Dear Turnpike Community Theatre,
I am writing to thank you for a thoroughly enjoyable evening last Thursday, when I came to watch "Turnpike Tales" with my four-year-old son Austin, my wife, and my mother-in-law. We were invited to the performance by Gill David, having never been to one of your productions previously, and we really did have a wonderful time. I work as a freelance musician, and instrumental teacher, and as such I am involved in many performances and productions, at all levels. I thought I might take a few minutes to give some feedback as to our experience with you.
We arrived on a very warm evening to an equally warm and welcoming atmosphere, and to an auditorium already bustling with an eager anticipating audience. I quite liked the comfy but unconventional seating! The action began and one of the first things that struck me was the imaginative use of all of the space on offer, from the scene in the living room, to the Mad Hatter's Tea Party. The stage, floor space, and platform almost gave the intimacy of theatre in the round, and the action was almost literally on top of us at times! The scenes were carefully shared between these spaces and thus the performance never felt one-dimensional.
We really enjoyed the work of the individual cast members, who all gave their ail and were convincing in performance, and displayed versatility in their multiple roles. The comic constructs, and timing and engagement of Deborah Murphy in her various guises were a real highlight for us grown-ups, whilst Austin particularly enjoyed Mark Bassett's "Wolf", and Sarah Fairclough's "Alice". I felt that the entire cast spoke with clear diction and a well-managed pace throughout. I couldn't possibly neglect to mention the adorable "Toto" at this point - so well behaved!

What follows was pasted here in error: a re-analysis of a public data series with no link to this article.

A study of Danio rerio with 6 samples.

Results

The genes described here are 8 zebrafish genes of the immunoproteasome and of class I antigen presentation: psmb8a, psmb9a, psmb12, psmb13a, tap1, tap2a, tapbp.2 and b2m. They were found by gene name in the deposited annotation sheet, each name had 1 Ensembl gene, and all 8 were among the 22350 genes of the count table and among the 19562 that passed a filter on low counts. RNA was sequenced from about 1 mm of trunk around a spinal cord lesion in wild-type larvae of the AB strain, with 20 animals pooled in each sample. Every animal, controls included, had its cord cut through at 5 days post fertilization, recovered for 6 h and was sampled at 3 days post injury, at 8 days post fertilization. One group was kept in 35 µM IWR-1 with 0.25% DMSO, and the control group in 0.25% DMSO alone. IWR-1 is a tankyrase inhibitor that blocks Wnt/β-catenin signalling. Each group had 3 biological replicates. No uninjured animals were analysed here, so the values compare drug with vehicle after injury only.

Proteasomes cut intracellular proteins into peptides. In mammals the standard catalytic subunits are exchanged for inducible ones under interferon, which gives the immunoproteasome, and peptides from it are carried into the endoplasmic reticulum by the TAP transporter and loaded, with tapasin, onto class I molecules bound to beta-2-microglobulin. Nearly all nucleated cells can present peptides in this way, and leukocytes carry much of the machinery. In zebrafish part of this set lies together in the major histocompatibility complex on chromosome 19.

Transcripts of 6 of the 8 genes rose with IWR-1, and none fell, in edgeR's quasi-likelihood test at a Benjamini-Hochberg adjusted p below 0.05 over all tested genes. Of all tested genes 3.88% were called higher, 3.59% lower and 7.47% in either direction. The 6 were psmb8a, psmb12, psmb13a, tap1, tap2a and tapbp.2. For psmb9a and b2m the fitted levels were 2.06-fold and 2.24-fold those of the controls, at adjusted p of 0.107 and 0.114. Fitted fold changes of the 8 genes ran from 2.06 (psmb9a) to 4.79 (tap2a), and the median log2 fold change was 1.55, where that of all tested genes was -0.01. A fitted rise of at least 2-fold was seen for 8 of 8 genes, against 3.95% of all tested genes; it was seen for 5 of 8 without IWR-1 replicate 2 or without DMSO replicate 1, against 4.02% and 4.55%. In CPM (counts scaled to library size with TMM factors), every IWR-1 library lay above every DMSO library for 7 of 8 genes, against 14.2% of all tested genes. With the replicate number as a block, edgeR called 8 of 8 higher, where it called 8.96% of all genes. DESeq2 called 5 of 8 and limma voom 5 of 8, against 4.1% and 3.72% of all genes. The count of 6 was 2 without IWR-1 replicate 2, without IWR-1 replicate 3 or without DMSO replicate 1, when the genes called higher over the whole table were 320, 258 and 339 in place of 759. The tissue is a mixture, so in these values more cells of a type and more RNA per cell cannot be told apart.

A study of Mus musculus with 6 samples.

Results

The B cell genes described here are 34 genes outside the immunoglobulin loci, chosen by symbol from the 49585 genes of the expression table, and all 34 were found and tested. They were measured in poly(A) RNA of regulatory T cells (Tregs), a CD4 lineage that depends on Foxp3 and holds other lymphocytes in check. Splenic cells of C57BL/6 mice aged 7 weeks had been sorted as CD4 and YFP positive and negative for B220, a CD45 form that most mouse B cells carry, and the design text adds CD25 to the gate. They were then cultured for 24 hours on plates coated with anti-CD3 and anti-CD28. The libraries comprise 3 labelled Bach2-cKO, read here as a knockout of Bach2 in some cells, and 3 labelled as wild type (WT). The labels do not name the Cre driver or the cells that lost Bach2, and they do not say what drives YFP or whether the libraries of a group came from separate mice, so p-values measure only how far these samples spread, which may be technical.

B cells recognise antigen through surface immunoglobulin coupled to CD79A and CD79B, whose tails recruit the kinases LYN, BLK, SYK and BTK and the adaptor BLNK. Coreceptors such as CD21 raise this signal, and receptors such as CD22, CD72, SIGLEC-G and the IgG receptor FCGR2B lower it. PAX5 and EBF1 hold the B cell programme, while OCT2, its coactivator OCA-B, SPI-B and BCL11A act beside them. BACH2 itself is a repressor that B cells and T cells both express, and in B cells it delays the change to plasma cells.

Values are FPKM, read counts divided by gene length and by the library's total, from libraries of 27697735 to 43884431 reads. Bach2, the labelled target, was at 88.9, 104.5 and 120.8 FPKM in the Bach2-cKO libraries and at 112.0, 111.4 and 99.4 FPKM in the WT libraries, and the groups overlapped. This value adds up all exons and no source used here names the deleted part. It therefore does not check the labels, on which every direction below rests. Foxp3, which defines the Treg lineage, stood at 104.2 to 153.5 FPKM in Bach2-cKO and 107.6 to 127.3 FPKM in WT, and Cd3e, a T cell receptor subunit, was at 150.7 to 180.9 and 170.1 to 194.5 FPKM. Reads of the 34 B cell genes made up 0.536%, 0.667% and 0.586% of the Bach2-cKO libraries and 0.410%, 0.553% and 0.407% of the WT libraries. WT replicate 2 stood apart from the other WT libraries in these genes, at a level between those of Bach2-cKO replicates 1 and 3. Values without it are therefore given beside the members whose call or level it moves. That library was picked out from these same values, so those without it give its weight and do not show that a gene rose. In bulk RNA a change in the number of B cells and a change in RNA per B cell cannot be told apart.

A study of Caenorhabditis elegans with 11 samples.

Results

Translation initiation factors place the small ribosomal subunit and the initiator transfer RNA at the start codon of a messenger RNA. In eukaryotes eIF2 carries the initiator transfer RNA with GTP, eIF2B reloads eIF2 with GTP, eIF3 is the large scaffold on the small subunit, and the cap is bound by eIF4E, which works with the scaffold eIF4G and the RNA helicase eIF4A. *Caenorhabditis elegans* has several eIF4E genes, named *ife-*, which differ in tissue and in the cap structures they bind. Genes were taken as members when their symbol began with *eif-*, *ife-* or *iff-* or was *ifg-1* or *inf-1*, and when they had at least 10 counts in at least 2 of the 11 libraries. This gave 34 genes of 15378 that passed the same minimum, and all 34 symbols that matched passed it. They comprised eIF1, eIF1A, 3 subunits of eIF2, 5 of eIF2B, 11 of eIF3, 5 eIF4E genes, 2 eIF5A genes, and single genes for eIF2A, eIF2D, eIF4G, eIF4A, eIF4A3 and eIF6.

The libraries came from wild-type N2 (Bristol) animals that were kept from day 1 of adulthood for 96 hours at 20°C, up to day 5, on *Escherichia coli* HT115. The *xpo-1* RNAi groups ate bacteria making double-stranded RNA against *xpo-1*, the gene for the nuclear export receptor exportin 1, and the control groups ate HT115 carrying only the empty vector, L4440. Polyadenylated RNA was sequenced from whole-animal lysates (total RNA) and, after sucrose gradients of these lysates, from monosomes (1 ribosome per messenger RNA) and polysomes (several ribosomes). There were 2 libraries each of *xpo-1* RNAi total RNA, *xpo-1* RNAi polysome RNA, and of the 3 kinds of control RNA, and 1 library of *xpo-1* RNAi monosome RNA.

costumes were brilliant too, my mother-in-law particularly liked the Tin Man's ensemble! We were impressed with all of the costumes, throughout the cast, from Tweedle-Dum and Tweedle-Dee to the Queen of Hearts.
I was listening with a particular interest to sound effects, and the use of music. I thought the orchestration and execution of these were carefully and accurately done. I liked the thunder, also the menacing Moog synthesizer sounds, in a minor key to indicate impending menace, and the use of music at times between scenes. I thought that the levels had obviously been thoughtfully set in relation to the acoustic constraints of the full, relatively small auditorium. There was no distortion and everything could be clearly heard. I would have perhaps liked a little more incidental music along the way, just to add an extra dimension, and I think that this would have been perhaps appropriate to the nature of the narrative. I did particularly enjoy the use of Herbert Clarke's Trumpet Voluntary, for the wedding scene, and also the atmospheric crackle as the gramophone played as the old friends were reunited at the end.
Overall, this was a wonderful family production. The story had elements of comedy, even pantomime at times, and yet there was a wonderful tenderness to the tale, as the love story between Red and Hick was portrayed over the decades. There were moments of imaginative theatrical work, for example the silhouette scene where the Wolf met his end, and also artistry such as the forest scene, where the cast became the branches of the deep dark wood. Austin had a wonderful night, his imagination was well and truly captured, and the grown-ups of the party had all laughed out loud, and I don't mind admitting there was a lump in my throat too, towards the end.
Thank you very much, and I look forward to seeing you again for Aladdin!